Are You Normal?
Is your penis big enough? Are your erections hard enough? Do you want sex often enough? In my over thirty years as a practicing urologist and urologic surgeon, I have found that when it comes to the penis, most men—and many women—don’t really know what’s normal.
The following information is presented by my book, Penis Power: The Ultimate Guide to Male Sexual Health, now available at Amazon and Barnes and Noble as well as independent booksellers.
When it Comes to the Penis, What’s Normal?
There is enormous variety among men with respect to sex drive, capacity, preferences, and standards of satisfaction. Yet men worry that every little sexual idiosyncrasy they have is a sign of abnormality.
Most men measure themselves against standards built on fantasy, not reality. They interpret commonplace, sometimes embarrassing experiences as signs of personal failure. If sex doesn’t go as desired, they panic. This experience can result in self-doubt. Self-doubt creates fear, anxiety, and inhibition. These feelings are bigger obstacles to sexual happiness than having a construction crew in your bedroom.
In my medical practice, insecurity and uncertainty about sexual performance are the top problems for my patients. Most of them are totally uninformed about the nature of their penises and their bodies in general. I wrote my book, Penis Power, in order to dispel the myths and misconceptions men and women have about male sexuality and how the penis works.
Do you worry about whether or not you are normal? Here are a few of the most common questions I am asked by my patients, followed by what I tell them.
1) “Is my penis a normal size? Is my penis big enough?”
I have seen more penises than can fill the Rose Bowl. The truth is, most men are about the same size. Penises, when flaccid, can be as short as one-and-a-half inches or as long as nine inches, but those that fall at these extremes are few. The erect penis averages about six inches in length. If one man’s penis is five inches long when soft and another’s is three inches long, that two-inch size difference is likely to shrink to near zero when they become erect.
2) “I’m not horny all the time. Sometimes I don’t want sex. Is there something wrong with me?”
Every man is, at times, not interested in sex. Many men believe that a “real man” is ready to get it on any time, any place. The reality is that levels of desire can vary widely among men. If you aren’t that interested in sexual encounters, consider the reasons. You may be avoiding intimate relationships; you may have an aversion to sex. If you feel intimidated by sex because of bad experiences in the past, follow the advice I’ve outlined in my book. Think positively. Move forward. Do not dwell on past experiences that were less than satisfactory.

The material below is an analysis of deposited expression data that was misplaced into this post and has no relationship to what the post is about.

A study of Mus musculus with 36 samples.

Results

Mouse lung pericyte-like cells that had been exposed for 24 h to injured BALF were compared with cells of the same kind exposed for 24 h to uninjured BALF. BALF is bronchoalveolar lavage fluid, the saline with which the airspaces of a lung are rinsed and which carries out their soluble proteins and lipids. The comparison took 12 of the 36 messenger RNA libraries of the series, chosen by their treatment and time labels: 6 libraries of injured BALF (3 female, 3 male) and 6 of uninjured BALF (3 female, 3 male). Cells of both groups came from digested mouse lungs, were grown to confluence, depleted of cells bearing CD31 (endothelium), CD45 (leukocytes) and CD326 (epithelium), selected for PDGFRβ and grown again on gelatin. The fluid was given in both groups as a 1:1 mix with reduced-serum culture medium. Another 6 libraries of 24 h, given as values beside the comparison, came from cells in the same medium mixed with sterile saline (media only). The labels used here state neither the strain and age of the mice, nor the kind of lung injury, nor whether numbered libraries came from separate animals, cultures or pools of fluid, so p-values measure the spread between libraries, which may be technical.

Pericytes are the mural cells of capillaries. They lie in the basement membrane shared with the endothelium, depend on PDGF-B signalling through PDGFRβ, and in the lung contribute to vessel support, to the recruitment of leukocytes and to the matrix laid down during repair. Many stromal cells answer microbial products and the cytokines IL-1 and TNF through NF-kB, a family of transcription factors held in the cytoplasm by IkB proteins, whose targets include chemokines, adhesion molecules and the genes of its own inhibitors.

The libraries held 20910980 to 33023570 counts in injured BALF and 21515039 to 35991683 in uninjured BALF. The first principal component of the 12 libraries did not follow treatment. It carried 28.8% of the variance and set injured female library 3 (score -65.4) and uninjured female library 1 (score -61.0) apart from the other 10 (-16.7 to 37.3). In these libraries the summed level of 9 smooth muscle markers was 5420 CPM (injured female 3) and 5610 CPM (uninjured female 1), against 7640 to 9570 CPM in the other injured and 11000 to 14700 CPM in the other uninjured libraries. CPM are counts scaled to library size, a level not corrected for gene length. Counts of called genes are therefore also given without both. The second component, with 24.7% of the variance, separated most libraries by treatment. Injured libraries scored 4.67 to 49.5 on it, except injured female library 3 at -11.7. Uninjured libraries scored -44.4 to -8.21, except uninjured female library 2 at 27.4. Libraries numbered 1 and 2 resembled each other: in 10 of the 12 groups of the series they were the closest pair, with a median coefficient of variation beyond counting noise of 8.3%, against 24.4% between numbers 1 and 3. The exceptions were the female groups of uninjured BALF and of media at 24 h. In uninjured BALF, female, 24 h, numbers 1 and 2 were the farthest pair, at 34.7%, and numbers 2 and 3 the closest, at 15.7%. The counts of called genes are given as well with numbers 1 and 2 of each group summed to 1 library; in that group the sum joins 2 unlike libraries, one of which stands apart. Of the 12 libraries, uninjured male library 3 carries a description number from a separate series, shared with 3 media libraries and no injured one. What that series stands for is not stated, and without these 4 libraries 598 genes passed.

3) “My erections aren’t as easy to achieve as they used to be. I can’t always get or stay hard. What’s wrong?”
Every many I have ever known has, at one time or another, lost an erection or ejaculated sooner than he would have liked. In some cases, an organic disorder may impede your ability to achieve an erection adequate for penetration (the classic definition of impotence). A number of physiological conditions can cause impotence including arteriosclerosis, diabetes, hormonal disorders, injuries, multiple sclerosis, reactions to medication, substance abuse, and other physical effects of aging.
Oftentimes, the cause of impotence is not medical, but circumstantial. These circumstances most often include a marriage or relationship in jeopardy, aggravation over a business predicament, or just plain mental and physical fatigue.
4) “I ejaculate too quickly. Should I be worried?”
Premature ejaculation affects about 30 percent of men at some time in their lives. Early ejaculation in men who are in their 30s or older may be a symptom of erectile dysfunction or fatigue. In older men, premature ejaculation can be a function of poor cardiovascular conditioning, depression, or neurologic symptoms. In younger men, it can be a symptom of anxiety. Premature ejaculation can also often be related to sexual inactivity for long periods of time or psychological factors.
Many of my patients think that everyone else is having better, longer, and more sex than they are, when in reality this belief is generally untrue. The key factor for most of my patients is mutual sexual satisfaction, unrelated to the clock at the bedside.
If you do want to last longer and delay ejaculation, the good news is, early ejaculation is correctable and treatable in all age brackets. Fortunately, a number of treatments for premature ejaculation are readily available. In addition, many men (and women) don’t realize that the ability to delay ejaculation can be learned. I detail some of these techniques in my book.
5) “My orgasms are not as explosive as they used to be, and I don’t release as much semen. Sometimes, I don’t ejaculate at all. Is this a cause for worry?”
This is a very common question. Invariably, the men who ask it are in their forties or older. As men age, their bodies produce less seminal fluid, so the volume of their ejaculate decreases. This is normal and natural, and every man should expect changes as he ages. I assure you, the feeling of pleasure and satisfaction you get from an orgasm has nothing to do with the volume you ejaculate. If your orgasms feel less intense, this diminished intensity may be caused by your state of mind and your feelings about your relationship.